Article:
BEVERLY HEIGHTS REAL ESTATE
On an 1882 map of the Edmonton Settlement, the area of Beverly Heights was shown as River Lots 36, 38, and 40. The area’s population began to grow early in the 20th century, when rich coal seams that lay beneath the soil were discovered and coal mining began. In 1913, the River Lots and land to the north were incorporated as the Village of Beverly. The village took its name from the Town of Beverly in Yorkshire, England.
By 1914, when the village population reached 1,000, Beverly was incorporated as a town. The boundary line between Edmonton and Beverly was 50th Street. Until after World War II, the fortunes of Beverly rose and fell with the successes and failures of the local coal industry. When the last mine was closed in 1952, Beverly’s population was 2,000. One year later, the Beverly Bridge, which spanned the North Saskatchewan River, opened, linking the town’s main street (118th Avenue) with the main highway to the east (Highway 16).
Beverly was in a great position to grow as a residential suburb, housing workers from the new petro-chemical plants across the river in the County of Strathcona and from other industries building in northeast Edmonton. The town grew quickly until 1961, when Beverly, with a population of 9,000, was amalgamated with the City of Edmonton. The northern portion of the former town contains the neighbourhoods of Beacon Heights and Bergman. The southern portion is known as Beverly Heights.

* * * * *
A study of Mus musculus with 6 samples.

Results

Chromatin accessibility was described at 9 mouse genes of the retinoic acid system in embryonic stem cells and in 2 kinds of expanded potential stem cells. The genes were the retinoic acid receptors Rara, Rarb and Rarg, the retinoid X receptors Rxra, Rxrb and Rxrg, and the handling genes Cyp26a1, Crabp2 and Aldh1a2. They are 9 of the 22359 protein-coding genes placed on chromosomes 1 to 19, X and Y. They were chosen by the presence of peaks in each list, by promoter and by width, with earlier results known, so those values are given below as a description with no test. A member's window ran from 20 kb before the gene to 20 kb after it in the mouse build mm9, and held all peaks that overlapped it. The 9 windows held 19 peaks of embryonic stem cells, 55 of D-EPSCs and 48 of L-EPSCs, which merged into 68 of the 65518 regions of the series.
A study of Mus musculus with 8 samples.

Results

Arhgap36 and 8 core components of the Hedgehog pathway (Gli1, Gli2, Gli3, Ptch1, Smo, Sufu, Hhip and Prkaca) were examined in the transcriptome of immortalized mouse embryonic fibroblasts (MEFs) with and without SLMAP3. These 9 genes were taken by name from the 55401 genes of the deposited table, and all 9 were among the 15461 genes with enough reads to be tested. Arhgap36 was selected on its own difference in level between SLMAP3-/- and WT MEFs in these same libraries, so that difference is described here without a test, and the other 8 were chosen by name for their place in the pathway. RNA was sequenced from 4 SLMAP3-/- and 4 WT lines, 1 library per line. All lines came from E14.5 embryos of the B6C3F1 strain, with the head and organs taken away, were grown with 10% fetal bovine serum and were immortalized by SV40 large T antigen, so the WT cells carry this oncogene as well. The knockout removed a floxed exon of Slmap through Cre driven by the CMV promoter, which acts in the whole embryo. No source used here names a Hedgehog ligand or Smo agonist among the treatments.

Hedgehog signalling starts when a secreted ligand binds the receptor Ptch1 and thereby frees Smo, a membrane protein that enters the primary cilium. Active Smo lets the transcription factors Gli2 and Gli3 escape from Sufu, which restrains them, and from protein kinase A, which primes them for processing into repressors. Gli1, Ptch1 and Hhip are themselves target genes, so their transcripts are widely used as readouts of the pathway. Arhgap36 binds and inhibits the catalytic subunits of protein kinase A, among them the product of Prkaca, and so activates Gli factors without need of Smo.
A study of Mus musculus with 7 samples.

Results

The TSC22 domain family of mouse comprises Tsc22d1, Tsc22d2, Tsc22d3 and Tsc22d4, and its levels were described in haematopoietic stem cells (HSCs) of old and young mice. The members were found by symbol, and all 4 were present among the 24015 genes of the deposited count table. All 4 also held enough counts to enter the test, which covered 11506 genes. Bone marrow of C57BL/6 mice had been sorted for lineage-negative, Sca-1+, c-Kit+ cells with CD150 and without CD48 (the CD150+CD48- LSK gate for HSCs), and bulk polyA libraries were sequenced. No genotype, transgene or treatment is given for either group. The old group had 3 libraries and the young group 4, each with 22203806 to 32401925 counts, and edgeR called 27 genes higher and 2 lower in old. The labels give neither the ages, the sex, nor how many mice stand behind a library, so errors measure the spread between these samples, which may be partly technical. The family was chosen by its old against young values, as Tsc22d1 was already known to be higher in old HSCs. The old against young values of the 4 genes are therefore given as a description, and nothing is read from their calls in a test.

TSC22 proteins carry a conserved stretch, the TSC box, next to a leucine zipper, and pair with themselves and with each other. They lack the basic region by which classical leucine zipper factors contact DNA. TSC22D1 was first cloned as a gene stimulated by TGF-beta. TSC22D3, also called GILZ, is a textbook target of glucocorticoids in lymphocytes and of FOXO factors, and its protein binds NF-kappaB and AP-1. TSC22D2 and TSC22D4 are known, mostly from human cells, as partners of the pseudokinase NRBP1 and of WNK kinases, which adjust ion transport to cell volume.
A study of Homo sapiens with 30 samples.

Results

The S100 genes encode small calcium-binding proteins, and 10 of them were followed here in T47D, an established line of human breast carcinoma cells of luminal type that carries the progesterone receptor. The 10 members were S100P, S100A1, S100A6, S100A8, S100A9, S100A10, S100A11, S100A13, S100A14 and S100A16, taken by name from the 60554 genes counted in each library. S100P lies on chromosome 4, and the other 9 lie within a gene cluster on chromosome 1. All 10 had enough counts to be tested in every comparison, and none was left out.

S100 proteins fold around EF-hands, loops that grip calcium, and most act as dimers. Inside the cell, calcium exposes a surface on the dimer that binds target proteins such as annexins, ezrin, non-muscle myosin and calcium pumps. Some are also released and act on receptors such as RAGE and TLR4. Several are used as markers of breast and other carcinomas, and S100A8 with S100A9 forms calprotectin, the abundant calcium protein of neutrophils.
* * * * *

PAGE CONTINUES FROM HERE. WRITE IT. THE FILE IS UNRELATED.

Most single-unit homes in Beverly were built in the decade leading up to amalgamation. Low-rise apartments, located near commercial concentrations and traffic routes, were built between 1960 and 1980. Construction of infill housing has continued in the area since the 1980s.
The focus of community activity in Beverly Heights is Floden Park, the site of the Beverly Heights Community league facilities. The scenic North Saskatchewan River Valley frames the southwest border of Beverly Heights, and there are several access points to river valley trails from the community.
Visitors to Beverly Heights are sometimes surprised to find that the neighbourhood’s avenues (with “avenue-oriented” houses) do not line up with those in adjoining Highlands (where houses are “street-oriented”). This is one physical reminder of the separate history of Beverly prior to 1961, when 50th Street formed the town’s western boundary.